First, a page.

Hong Kong activists hold Tiananmen Square candlelight vigil
The annual vigil at Hong Kong’s Victoria Park appeared to draw tens of thousands of participants who held candles.
Pro-democracy activists in Hong Kong gathered to mark 30 years since China’s bloody crackdown on pro-democracy protesters in Beijing’s Tiananmen Square.
Hong Kong is the only region under Beijing’s jurisdiction that holds significant public commemorations of the 1989 crackdown and memorials for its victims. Hong Kong has a degree of freedom not seen on the mainland as a legacy of British rule that ended in 1997.
The annual vigil at Hong Kong’s Victoria Park near the bustling Causeway Bay shopping district appeared to draw tens of thousands of participants who held candles.
Following an introduction of songs in the city’s Cantonese dialect and traditional string music, a minute of silence was held for the Tiananmen crackdown victims.
This year’s vigil featured a replica of the Goddess Of Democracy, a plaster sculpture of a female figure holding a torch that was displayed in Tiananmen Square in the days leading up to the crackdown, which took place on the night of June 3-4, 1989, and is believed to have killed hundreds and possibly thousands of people.
Chow Hang Tung, vice chair of the Hong Kong Alliance in Support of Patriotic Democratic Movements in China, which organises the annual event, said: “That statue was crushed by tanks at the June 4 crackdown, the June 4 massacre. So we are rebuilding this here … to symbolise that we are still continuing to fight for democracy, and continue on the spirit of the ’89 democratic protests.”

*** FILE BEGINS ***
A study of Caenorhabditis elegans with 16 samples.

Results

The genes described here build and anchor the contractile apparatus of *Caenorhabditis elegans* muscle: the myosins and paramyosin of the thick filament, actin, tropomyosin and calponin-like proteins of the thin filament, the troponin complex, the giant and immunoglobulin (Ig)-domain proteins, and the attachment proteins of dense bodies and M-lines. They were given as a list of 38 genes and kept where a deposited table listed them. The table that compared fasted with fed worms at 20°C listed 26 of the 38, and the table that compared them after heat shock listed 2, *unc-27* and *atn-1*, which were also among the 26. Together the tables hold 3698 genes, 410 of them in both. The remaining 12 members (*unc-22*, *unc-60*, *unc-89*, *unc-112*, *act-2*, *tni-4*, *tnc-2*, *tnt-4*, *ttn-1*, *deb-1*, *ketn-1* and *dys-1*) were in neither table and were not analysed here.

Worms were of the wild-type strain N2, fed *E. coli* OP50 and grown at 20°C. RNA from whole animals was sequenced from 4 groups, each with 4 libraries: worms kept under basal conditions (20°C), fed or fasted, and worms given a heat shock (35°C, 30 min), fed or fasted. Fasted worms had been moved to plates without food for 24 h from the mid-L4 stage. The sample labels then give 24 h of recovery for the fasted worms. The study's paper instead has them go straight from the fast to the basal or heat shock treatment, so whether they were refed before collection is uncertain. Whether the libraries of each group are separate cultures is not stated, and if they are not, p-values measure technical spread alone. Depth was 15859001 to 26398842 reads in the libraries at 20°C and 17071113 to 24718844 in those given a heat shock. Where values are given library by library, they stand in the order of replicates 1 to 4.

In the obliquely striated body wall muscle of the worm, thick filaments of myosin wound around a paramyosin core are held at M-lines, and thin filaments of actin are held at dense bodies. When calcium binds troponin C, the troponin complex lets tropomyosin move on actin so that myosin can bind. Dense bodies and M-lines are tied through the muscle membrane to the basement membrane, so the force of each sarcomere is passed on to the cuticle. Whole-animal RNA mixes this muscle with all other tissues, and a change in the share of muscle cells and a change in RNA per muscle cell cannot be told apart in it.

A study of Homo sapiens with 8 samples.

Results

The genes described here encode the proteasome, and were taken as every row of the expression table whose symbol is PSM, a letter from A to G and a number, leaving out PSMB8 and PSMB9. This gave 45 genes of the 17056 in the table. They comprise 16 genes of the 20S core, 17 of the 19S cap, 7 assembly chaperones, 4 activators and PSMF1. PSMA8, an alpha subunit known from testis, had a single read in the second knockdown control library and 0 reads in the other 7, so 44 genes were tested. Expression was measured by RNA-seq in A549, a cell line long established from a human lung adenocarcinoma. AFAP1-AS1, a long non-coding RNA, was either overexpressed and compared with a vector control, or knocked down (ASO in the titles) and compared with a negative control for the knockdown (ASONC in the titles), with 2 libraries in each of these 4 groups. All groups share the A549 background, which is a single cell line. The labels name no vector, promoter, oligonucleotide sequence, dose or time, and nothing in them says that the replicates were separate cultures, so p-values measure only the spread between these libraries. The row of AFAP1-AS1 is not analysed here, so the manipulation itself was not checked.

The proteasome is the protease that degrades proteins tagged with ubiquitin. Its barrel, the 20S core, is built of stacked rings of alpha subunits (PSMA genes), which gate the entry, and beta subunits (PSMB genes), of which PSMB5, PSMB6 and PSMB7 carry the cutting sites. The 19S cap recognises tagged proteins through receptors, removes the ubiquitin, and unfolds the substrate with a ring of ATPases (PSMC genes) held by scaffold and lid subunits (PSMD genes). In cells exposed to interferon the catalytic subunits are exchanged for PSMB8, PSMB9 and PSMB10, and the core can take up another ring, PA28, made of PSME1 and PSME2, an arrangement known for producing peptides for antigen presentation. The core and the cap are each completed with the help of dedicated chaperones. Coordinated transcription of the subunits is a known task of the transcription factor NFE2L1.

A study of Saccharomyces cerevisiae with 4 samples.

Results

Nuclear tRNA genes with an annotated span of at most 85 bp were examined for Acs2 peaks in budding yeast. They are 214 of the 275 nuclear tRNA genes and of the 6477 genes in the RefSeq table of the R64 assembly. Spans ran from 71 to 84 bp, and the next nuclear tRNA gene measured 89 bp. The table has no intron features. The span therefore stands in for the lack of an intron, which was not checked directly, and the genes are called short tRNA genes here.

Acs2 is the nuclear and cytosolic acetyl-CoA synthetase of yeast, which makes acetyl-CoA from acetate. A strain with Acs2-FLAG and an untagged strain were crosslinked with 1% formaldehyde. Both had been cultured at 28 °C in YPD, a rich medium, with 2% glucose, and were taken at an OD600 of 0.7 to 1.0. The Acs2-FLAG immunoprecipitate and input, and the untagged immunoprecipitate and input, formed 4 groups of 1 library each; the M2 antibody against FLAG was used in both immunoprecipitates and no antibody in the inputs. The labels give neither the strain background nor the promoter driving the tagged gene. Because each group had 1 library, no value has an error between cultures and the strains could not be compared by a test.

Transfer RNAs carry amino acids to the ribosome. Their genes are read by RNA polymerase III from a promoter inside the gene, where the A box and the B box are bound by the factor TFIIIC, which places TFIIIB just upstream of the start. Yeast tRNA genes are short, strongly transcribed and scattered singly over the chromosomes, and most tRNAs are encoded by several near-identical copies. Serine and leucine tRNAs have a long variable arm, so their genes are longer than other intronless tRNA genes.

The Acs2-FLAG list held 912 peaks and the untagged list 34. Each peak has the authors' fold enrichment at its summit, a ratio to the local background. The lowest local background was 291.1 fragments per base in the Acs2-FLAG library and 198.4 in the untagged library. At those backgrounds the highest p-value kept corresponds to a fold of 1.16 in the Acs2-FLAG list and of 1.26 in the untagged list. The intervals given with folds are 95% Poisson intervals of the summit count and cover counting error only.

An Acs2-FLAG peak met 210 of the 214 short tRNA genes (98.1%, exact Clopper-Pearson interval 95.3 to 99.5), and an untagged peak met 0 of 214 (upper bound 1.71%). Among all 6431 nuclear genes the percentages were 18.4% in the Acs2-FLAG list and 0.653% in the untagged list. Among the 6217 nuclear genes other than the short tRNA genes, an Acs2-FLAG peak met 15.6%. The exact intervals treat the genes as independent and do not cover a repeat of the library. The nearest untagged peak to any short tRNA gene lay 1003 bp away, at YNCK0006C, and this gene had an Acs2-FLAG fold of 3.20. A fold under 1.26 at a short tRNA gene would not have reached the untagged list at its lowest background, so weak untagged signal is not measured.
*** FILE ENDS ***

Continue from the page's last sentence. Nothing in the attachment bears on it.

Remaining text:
Meanwhile, at the University of Hong Kong, a dozen students lay flower bouquets at the Pillar Of Shame, a sculpture by Danish artist Jens Galschiot commemorating the crackdown’s victims.
Students later observed a minute of silence in remembrance of the crackdown’s victims before scrubbing the pillar clean in an annual ritual.
Recent years have witnessed a generational divide about how best to memorialise the crackdown, and since 2015, Hong Kong university students have arranged their own commemorations separate from the main candlelight vigil.
“People who attend the vigil consider themselves Chinese. We disagree with this identity,” said Jordan Pang, acting chair of the Hong Kong University Students’ Union’s current affairs committee.
“I think the young generation and most students consider themselves Hong Kongers. If we need to commemorate, we do not want to use (the vigil) to commemorate,” Mr Pang said.
Despite its pro-democracy theme, young Hong Kongers see the vigil as promoting Chinese nationalism, said Samson Yuen, a professor of political science at Hong Kong’s Lingnan University.
“They argue that Hong Kong needs to determine its own future. Hong Kong may need to seek independence from China and they believe that June 4 is a battleground,” Mr Yuen said.